The event is free to the public, but reservations are required. To reserve a seat, or for more information about the event, contact [email protected] or call 540.463.7103, ext. 138.
The presentation will also be livestreamed on the Marshall Foundation YouTube channel (https://bit.ly/2Or0E8D) simultaneously. Viewers of the stream are encouraged to write questions using the live video chat (to the lower right of the video) or via email at [email protected]. Chat will be monitored for abusive comments.
When the vanguard of the American Expeditionary Forces (AEF) landed in France in June 1917, General John J. Pershing and his officers gathered information on every aspect of war on the Western Front. In the field of communications, the Allies emphasized the importance of homing pigeons for communication. With wireless technology in its infancy and wired field phones vulnerable to artillery and enemy eavesdropping, homing pigeons often proved the only liaison with forces in the rear. Subsequently, the U.S. Army Signal Corps established a Pigeon Service which began to arrive in France in November 1917. Numbering less than 400 officers and men and several thousand pigeons, the AEF Pigeon Service entered the frontlines in late January 1918 and quickly demonstrated its feathered prowess. America’s “war birds” proved reliable in transmitting messages from the field, air, or even from tanks. Within a year, the Pigeon Service provided hundreds of birds for the Meuse-Argonne Offensive and the culminating battle of the AEF. Drawing from surviving documentation, film, and photographs, this talk will share the story of America’s smallest doughboys and the men who ensured the message would get through in the War to End All Wars.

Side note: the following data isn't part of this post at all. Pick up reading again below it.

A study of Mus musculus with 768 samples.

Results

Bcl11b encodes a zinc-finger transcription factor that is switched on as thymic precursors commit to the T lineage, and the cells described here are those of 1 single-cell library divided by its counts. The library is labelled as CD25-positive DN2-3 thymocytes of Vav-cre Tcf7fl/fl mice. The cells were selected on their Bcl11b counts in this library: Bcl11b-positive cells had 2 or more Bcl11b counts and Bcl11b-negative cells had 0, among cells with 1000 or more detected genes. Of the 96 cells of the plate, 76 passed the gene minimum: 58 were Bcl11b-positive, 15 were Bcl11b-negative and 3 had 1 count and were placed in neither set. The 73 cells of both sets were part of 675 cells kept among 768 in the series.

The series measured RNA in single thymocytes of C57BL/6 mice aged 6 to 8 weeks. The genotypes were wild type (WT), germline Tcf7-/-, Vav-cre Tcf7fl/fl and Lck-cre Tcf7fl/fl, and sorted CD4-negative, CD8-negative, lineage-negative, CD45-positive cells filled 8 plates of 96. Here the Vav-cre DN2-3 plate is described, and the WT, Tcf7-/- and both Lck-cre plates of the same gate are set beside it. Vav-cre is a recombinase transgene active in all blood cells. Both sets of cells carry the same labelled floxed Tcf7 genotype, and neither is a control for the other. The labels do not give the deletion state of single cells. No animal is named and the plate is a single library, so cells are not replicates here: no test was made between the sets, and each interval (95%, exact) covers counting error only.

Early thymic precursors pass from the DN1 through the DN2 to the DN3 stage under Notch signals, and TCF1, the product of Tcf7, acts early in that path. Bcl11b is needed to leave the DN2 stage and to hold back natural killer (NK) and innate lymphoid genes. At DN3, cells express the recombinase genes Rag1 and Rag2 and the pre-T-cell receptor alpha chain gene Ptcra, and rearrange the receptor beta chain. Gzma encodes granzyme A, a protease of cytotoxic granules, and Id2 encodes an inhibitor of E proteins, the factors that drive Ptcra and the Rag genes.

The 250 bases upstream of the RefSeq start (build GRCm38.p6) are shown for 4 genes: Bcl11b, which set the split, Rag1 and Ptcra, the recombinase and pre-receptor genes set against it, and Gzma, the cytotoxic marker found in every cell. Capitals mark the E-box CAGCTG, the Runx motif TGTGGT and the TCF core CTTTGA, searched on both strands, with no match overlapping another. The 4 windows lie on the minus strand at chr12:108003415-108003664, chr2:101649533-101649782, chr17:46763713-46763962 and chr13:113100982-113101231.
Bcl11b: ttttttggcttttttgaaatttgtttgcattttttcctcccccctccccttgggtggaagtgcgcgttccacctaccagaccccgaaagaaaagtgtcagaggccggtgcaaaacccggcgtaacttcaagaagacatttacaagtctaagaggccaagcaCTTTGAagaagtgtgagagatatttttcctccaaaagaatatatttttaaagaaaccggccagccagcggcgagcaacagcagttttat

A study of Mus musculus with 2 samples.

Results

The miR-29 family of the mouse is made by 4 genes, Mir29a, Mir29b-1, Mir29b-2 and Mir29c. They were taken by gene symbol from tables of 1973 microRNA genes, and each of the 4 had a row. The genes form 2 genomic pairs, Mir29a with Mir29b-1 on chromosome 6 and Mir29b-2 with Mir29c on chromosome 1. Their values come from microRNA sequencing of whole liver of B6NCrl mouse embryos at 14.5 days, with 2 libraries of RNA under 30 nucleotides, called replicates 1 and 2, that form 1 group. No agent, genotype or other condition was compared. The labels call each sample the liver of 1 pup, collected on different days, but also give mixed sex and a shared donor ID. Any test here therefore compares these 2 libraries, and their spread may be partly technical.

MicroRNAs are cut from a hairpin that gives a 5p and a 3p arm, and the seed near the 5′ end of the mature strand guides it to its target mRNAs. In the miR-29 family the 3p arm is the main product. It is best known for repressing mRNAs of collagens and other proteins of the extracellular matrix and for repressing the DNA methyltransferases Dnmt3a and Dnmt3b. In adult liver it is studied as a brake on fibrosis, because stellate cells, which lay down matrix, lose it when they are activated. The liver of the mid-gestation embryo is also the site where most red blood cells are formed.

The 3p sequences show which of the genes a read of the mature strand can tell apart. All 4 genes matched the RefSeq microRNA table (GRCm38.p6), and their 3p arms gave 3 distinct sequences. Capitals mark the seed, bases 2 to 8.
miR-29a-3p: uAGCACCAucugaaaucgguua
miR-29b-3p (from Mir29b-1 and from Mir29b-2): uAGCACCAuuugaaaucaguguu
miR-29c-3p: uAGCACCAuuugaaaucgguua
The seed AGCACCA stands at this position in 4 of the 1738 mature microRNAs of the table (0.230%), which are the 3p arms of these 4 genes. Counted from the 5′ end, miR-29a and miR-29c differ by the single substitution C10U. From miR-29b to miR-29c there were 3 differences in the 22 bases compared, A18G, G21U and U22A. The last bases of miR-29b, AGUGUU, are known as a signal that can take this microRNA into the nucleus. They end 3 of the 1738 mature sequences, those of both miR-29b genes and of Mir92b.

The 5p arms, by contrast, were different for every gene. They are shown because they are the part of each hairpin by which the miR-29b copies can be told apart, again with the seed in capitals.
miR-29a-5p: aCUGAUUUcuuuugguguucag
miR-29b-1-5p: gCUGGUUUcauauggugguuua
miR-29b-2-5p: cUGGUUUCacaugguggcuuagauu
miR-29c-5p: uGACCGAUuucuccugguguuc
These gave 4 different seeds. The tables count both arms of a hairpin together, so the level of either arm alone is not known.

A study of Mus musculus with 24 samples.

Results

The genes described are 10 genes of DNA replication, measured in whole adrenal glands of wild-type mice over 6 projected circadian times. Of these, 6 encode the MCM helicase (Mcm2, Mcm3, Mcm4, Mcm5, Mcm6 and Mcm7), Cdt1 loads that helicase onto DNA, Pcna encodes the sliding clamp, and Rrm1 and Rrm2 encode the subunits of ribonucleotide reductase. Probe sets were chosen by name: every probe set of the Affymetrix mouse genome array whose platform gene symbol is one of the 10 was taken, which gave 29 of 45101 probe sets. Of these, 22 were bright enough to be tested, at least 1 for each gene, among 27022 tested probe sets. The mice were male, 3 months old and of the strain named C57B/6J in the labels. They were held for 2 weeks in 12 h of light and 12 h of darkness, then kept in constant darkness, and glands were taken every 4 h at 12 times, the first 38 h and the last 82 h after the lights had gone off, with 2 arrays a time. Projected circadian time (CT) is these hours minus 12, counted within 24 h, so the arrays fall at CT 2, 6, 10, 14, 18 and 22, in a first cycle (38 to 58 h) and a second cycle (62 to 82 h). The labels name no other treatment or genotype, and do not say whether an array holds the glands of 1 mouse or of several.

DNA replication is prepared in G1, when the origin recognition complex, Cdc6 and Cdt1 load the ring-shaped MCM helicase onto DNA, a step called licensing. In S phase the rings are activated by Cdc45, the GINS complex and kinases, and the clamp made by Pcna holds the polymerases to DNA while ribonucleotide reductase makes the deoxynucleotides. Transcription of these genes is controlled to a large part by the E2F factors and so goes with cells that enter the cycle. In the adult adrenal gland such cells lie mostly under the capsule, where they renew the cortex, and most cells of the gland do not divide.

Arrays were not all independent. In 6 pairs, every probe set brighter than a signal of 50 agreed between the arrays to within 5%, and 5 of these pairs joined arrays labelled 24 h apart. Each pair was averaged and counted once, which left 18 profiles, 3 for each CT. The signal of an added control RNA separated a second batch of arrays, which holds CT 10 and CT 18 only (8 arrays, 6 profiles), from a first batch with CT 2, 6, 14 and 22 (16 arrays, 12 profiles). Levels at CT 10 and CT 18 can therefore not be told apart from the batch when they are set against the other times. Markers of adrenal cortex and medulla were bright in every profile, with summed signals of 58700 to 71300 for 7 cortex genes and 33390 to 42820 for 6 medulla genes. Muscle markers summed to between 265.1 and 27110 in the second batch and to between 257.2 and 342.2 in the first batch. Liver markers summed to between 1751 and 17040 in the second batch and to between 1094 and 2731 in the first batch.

A native of Raleigh, North Carolina, Frank Blazich, Jr. specializes in the American military experience in the twentieth century. A veteran of the U.S. Air Force, he holds a doctorate in modern American history from The Ohio State University (2013).
Following his doctoral studies, Blazich served as the historian at the U.S. Navy Seabee Museum in Port Hueneme, California before moving to Washington, D.C. to serve as a historian in the History and Archives Division of Naval History and Heritage Command. From June to December 2016, Blazich served as the historian on Task Force Netted Navy working for the Office of the Chief of Naval Operations.
In January 2017, he assumed his current position as curator of modern military history at the Smithsonian Institution’s National Museum of American History. His first edited book, Bataan Survivor: A POW’s Account of Japanese Captivity in World War II, was published by the University of Missouri Press in February 2017. His second book, “An Honorable Place in American Air Power”: Civil Air Patrol Coastal Patrol Operations, 1943-1943, was published by Air University Press in December 2020. He lives in Northern Virginia with his wife Nicole, and son William.